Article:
Book Review: 'Hyde Park Orator'

'Hyde Park Orator', by Bonar Thompson (Jarrolds, 287 pages, 10s. 6d.)

In his 'Hyde Park Orator' Mr. Bonar Thompson has written a somewhat irritating but entertaining book. He tells us about his early life in Northern Ireland, his introduction to working-class life in English industrial areas, his contacts with trade unions and labour organisations, and his strenuous and not always very successful efforts to earn his living as cheap-jack in the market-place, and as platform speaker and entertainer.

Book Review: 'Corker's Freedom'

'Corker's Freedom', by John Berger. Methuen 21/-

In the post-war world we have become accustomed to the oft-repeated story of working class prosperity. The term "the Affluent Society" has now become an overworked joke, but not so very long ago it was taken most seriously. Cosy articles in newspapers and magazines, and cynical adverts on the television screen, have painted a picture of workers leading lives of unparalleled richness and variety.

Book Review: 'Speakers' Corner - An Anthology'

Holding Forth

'Speakers' Corner: An Anthology'. Kropotkin's Lighthouse Publications, £1.75. Illus.

The most remarkable thing about Hyde Park is that meetings and speakers still proliferate there. Up to the traffic and television explosions of the early nineteen-fifties, crowds went to parks and listened every Sunday. Finsbury Park, Victoria Park, Clapham Common, Platt Fields in Manchester and numerous others where audiences can no longer be found; but Hyde Park, despite surgery fifteen years ago, carries on. Tourists flock there, Londoners go - largely because, as is not the case with most of the so-called "means of communication", communication actually takes place.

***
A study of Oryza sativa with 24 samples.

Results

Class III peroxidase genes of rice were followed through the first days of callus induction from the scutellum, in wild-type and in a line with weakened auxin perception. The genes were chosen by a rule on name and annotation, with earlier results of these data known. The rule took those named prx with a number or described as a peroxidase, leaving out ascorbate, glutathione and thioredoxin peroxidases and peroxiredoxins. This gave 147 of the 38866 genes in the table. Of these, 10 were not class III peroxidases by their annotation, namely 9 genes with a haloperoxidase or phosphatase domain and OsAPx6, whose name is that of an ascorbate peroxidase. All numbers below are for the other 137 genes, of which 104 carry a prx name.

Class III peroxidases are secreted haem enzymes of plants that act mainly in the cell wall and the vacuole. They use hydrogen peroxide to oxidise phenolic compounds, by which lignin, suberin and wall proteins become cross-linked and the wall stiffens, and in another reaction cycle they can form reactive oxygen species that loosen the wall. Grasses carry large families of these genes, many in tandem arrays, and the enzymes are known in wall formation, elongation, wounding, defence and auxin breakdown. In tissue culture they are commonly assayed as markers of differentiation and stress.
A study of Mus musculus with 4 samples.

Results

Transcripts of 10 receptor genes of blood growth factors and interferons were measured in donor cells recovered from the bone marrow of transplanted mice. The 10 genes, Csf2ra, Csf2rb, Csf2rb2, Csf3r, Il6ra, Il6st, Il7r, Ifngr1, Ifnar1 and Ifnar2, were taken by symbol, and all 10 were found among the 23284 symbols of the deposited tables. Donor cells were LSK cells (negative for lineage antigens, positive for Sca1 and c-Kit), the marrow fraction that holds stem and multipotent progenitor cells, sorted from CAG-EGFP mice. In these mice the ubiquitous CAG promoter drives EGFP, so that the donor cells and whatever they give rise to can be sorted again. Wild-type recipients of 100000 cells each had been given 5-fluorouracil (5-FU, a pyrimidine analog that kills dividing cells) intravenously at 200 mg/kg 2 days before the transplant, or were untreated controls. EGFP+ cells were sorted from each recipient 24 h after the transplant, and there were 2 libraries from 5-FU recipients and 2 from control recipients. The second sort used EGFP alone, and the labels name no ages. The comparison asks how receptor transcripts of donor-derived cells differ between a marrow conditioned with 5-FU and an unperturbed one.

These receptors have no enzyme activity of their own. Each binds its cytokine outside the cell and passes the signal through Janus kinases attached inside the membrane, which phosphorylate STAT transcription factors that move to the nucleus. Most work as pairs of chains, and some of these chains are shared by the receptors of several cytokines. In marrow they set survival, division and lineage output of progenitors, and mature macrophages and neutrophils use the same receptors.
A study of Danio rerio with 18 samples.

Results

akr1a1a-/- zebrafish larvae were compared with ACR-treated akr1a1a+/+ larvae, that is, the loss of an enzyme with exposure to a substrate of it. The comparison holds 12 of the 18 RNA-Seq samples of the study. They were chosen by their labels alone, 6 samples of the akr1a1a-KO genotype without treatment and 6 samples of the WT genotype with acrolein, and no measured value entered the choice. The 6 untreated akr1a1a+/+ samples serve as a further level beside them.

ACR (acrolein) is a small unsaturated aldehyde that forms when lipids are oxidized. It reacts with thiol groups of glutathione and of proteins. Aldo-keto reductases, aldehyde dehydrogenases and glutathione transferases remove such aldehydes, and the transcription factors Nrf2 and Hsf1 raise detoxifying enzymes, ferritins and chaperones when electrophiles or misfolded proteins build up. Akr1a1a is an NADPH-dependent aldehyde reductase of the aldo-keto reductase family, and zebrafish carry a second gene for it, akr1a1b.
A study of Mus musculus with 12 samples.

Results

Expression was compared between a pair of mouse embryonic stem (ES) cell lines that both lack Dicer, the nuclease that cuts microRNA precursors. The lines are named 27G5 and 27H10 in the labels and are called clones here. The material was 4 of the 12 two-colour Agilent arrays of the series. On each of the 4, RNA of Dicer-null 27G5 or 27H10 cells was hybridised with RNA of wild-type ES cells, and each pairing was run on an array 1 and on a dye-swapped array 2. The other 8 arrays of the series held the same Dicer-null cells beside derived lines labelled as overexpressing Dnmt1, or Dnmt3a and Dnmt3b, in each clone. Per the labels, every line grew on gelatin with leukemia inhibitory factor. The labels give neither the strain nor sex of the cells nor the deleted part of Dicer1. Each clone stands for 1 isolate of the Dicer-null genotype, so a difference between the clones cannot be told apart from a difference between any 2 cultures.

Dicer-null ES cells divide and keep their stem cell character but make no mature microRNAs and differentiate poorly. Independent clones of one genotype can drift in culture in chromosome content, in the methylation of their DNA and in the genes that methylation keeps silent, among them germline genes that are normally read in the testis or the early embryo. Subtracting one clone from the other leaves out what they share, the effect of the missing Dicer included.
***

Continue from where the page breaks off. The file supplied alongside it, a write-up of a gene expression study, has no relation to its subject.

Obituary: Tony Turner

News of the death of A. W. L. (Tony) Turner in a Cape Town hospital in February at the age of 83 will awaken memories in many older readers. He joined the Party in 1931 and resigned in 1955 after a series of acrimonious disputes.

Tony was accused of an anarchism that was incompatible with Marx. He had taken up a completely pacifist view together with Tolstoyan ideas about the socialist future—small-scale, a vastly simple society, that anticipated subsequent thinking amongst people like Ivan Illich, Fritz Schumacher and Edward Goldsmith.

Many members felt the difference should have been containable in a party seeking world revolution. If market society was replaced with production for need it was inconceivable that the result would take the same form everywhere.